Selective Visions


Selective Visions


 A white picket fence, built-in front of a clipped, deep green lawn. A garden planted before a small veranda. Small is a limiting word, she means cozy.  Cozy enough for two to cuddle within, and enjoy each other’s company. A perfect home, except for the too loud ticking of the grandfather clock and that thump the shutter makes.  When it hits, it sounds like a car door closing.   

Wasn’t it Henry David Thoreau who said to go confidently in the direction of your dream?  She thinks she’s done that.  She sees a parade of celebrations coming: a wedding, large family holiday gatherings, great festive events.  The only thing to mar those events is the ever-increasingly loud tick of the clock, a more aggressively sounding strike of the shutter.  It sounds like something strongly ominous in the distance.

She looks forward to the long romantic walks around the block hand in hand and arm in arm.  All the neighbors smile and wave as the couple passes.  She sees that everyone knows them to be good people, and a pair completely in love. The neighbors will say this amongst themselves in the most wistful of ways. That ticking is becoming deafening.  And, that shutter, blown by the winds, sounding like a huge door slamming shut.



Linda Imbler 


Linda Imbler’s poetry collections include six published paperbacks: Big Questions, Little Sleep, Big Questions, Little Sleep” second edition (expanded with 66 additional poems), Lost and Found, Red Is The Sunrise, Bus Lights, Travel Sights, and Spica’s Frequency.  Soma Publishing has published her four e-book collections, The Sea’s Secret Song, Pairings, a hybrid of short fiction and poetry, and That Fifth Element, and Per Quindecim. Her new book, Spica’s Frequency, will be published on December 1, 2021. Examples of Linda’s poetry and a listing of publications can be found at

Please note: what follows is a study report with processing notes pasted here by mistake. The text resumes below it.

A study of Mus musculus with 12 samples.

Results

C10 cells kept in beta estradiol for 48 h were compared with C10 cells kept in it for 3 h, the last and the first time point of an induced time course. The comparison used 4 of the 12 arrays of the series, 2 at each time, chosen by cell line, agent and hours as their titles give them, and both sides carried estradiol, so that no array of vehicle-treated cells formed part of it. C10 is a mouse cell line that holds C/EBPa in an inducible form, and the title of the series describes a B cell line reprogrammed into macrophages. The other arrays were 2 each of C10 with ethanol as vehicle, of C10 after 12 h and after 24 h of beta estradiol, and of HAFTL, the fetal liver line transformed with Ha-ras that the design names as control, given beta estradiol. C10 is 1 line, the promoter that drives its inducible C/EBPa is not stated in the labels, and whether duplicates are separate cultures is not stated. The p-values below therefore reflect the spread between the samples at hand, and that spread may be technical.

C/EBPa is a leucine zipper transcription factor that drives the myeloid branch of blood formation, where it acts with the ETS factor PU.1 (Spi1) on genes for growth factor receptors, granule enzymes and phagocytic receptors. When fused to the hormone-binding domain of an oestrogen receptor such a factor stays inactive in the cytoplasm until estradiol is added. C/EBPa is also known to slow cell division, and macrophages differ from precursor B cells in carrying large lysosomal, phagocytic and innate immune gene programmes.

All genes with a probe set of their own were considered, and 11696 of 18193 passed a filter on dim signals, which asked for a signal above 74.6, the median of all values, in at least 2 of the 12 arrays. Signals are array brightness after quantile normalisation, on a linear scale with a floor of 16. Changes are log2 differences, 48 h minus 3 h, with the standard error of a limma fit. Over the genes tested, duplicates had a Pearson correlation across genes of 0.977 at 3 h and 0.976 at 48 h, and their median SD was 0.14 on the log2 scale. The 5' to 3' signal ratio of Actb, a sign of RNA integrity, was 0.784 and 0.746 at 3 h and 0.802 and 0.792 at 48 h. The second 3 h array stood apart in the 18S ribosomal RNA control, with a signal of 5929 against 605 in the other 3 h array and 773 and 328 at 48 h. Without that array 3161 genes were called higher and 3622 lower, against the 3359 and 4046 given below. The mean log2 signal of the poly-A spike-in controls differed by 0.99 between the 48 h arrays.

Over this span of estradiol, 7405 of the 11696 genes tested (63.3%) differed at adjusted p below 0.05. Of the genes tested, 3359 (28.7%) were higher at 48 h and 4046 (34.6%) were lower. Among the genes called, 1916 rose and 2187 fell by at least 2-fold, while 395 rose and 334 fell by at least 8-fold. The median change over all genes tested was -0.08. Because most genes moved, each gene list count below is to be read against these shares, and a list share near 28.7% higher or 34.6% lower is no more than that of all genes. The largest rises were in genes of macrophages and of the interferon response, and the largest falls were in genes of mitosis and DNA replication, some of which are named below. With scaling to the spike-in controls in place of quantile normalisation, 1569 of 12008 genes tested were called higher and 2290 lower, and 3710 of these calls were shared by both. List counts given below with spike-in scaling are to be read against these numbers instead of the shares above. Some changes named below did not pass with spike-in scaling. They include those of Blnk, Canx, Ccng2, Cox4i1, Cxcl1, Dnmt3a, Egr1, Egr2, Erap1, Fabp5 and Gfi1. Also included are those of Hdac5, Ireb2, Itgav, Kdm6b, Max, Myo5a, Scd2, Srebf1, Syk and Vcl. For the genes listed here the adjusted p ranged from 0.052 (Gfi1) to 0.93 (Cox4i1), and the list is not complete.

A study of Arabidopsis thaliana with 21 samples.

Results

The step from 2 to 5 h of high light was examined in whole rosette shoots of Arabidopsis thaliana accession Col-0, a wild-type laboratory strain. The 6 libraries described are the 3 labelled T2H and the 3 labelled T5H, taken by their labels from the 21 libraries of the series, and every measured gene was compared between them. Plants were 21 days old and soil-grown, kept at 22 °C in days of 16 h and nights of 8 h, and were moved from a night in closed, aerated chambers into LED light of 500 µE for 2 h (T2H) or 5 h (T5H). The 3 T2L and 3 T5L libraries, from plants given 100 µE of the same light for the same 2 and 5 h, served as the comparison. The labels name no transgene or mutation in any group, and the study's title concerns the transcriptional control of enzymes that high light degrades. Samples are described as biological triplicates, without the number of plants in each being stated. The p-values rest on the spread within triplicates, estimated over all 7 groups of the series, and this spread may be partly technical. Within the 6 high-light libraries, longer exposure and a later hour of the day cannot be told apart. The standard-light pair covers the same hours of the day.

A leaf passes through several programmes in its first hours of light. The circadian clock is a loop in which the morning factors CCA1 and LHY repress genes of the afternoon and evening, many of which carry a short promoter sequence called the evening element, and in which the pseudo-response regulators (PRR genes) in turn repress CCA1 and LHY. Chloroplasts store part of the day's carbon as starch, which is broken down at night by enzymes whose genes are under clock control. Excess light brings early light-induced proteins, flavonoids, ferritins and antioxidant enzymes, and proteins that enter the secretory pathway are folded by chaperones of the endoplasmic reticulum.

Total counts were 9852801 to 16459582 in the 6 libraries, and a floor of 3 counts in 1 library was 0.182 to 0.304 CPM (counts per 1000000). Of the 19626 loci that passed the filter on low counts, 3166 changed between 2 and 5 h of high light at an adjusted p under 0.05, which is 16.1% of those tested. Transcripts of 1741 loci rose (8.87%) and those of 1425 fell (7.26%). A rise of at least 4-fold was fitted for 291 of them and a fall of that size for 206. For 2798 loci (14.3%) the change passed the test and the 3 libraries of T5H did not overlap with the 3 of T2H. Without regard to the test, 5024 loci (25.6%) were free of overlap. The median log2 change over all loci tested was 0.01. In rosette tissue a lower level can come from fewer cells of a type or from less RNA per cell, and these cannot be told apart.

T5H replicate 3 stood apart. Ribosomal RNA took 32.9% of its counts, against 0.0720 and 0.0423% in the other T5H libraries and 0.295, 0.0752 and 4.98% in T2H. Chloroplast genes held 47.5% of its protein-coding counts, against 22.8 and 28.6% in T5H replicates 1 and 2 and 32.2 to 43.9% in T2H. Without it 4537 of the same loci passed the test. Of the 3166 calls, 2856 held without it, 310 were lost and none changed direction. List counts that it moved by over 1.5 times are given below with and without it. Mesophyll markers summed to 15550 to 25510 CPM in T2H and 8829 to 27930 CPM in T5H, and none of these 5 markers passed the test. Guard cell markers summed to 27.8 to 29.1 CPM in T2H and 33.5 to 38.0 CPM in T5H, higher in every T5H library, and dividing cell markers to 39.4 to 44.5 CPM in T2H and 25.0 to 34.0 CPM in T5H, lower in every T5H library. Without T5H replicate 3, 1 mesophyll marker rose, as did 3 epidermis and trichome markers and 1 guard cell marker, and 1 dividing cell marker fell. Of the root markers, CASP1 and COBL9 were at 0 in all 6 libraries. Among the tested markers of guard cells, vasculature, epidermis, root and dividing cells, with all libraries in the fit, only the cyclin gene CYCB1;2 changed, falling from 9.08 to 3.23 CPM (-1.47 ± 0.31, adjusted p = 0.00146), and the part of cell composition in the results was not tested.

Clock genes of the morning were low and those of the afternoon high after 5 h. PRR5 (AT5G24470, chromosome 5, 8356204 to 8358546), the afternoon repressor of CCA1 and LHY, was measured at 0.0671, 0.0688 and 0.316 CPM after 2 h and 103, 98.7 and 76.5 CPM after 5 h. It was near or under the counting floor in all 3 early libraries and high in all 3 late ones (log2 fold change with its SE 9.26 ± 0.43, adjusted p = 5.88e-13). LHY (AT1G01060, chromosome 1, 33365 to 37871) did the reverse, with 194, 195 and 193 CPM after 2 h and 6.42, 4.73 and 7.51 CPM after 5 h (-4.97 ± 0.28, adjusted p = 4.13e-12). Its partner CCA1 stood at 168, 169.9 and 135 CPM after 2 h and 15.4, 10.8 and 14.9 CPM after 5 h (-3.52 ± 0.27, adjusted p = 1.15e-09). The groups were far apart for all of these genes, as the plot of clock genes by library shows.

In addition to writing, she helps her husband, a Luthier, build acoustic guitars and steel strings in Wichita, Kansas, U.S.A.  They are currently working on number 10.


  1. it takes skill to translate current events into a tale that lasts beyond tomorrow. gas prices be damned, we need insight more than fast food.

    1. Thank you, Gene. I am honored by your words.